Editorial: Blight-removal money can help many
Blight is never easy to get rid of, and it doesn't matter if you're in Farmington, Minneapolis or New York. Properties fall into disrepair because there is nobody either willing, able or available to care for them. The people who are able to fix them aren't the ones responsible, and the people who are responsible aren't always willing, able or available to take action.
The problem is worse at a time when home foreclosure is a very real threat -- and in too many cases a hard reality -- for many Minnesotans. If you're losing your home, there's not a lot of reason to keep up the lawn or fix the siding. And if you're forced to move out there's nobody left behind to do the work.
The evidence of those problems and others like them has been visible in recent years in Farmington. For far too long a vacant, tarpapered house stood on Elm Street in downtown Farmington. It was an eyesore, and it lingered there with no clear way to get rid of it. There have been others, too. A home on Main Street was was ultimately used as a training location by the Farmington Fire Department and then demolished.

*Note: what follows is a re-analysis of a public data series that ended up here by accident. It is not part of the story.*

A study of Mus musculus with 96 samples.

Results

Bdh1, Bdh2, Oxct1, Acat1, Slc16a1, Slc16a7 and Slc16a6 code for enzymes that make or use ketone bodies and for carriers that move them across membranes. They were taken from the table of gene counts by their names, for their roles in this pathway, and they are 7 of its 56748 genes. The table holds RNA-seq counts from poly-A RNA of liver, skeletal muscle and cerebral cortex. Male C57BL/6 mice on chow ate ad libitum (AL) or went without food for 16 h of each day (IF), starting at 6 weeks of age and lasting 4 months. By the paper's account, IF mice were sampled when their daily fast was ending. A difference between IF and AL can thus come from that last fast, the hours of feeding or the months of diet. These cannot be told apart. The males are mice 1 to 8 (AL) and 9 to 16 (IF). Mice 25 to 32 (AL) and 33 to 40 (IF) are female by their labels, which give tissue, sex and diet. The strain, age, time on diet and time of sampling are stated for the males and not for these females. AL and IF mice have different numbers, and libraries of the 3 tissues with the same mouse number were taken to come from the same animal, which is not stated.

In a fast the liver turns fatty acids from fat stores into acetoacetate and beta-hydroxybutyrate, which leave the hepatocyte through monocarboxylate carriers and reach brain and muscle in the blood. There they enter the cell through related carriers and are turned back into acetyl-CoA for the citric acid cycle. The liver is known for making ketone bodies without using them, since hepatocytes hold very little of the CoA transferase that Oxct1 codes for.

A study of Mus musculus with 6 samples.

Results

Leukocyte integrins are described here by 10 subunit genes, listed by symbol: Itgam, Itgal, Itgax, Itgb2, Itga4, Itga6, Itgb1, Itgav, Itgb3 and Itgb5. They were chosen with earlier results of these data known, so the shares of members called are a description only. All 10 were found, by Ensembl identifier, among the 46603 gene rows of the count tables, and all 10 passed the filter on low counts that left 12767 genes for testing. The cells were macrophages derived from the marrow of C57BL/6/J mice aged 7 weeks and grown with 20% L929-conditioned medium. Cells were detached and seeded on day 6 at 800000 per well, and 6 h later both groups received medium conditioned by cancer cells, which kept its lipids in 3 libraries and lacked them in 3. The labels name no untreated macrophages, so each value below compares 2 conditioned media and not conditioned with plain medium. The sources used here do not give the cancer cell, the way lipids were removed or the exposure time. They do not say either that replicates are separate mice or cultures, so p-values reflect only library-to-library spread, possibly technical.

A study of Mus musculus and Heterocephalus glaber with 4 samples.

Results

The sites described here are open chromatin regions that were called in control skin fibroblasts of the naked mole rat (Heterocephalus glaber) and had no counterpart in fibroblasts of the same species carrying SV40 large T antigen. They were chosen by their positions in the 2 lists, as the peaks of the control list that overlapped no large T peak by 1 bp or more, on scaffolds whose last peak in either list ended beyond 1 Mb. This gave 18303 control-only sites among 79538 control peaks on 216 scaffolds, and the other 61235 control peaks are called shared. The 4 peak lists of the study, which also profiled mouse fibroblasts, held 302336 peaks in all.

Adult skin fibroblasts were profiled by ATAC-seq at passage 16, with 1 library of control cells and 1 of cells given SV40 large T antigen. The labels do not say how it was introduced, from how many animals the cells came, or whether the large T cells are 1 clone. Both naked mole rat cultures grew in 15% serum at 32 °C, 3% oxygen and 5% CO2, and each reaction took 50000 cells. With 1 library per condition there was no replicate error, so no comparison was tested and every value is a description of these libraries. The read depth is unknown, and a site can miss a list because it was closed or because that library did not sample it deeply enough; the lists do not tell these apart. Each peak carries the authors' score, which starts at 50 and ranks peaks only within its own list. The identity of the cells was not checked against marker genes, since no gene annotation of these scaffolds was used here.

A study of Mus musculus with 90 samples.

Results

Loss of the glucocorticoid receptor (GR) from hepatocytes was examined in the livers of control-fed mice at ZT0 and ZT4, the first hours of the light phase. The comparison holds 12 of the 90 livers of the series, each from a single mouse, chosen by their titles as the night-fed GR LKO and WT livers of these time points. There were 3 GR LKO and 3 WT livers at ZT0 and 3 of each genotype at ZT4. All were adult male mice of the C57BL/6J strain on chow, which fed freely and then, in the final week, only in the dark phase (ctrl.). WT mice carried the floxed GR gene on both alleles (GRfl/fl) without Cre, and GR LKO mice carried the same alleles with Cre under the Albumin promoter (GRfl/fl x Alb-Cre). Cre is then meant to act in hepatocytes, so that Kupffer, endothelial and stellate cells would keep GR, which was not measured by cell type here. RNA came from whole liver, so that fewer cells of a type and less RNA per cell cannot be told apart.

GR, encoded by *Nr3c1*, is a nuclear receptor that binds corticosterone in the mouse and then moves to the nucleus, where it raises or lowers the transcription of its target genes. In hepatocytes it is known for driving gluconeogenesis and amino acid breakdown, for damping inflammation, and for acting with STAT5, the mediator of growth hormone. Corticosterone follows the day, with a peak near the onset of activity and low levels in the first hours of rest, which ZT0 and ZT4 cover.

Those houses are gone now, due in part to a program from the Dakota County Community Development Agency. The program provides money to clean up blighted properties. To clear the way for new construction. And, ultimately, for someone else to come in and buy a home, likely at a pretty good price.
Farmington is better off with those blighted properties gone -- the Elm Street property was demolished late last year. All of the houses torn down with CDA money last year were bank owned. Neighbors are better off because they don't have abandoned property bringing down their home values. And some new homeowner is better off for having a new place to stay.
It's a cycle that can have an ugly beginning but a happy ending.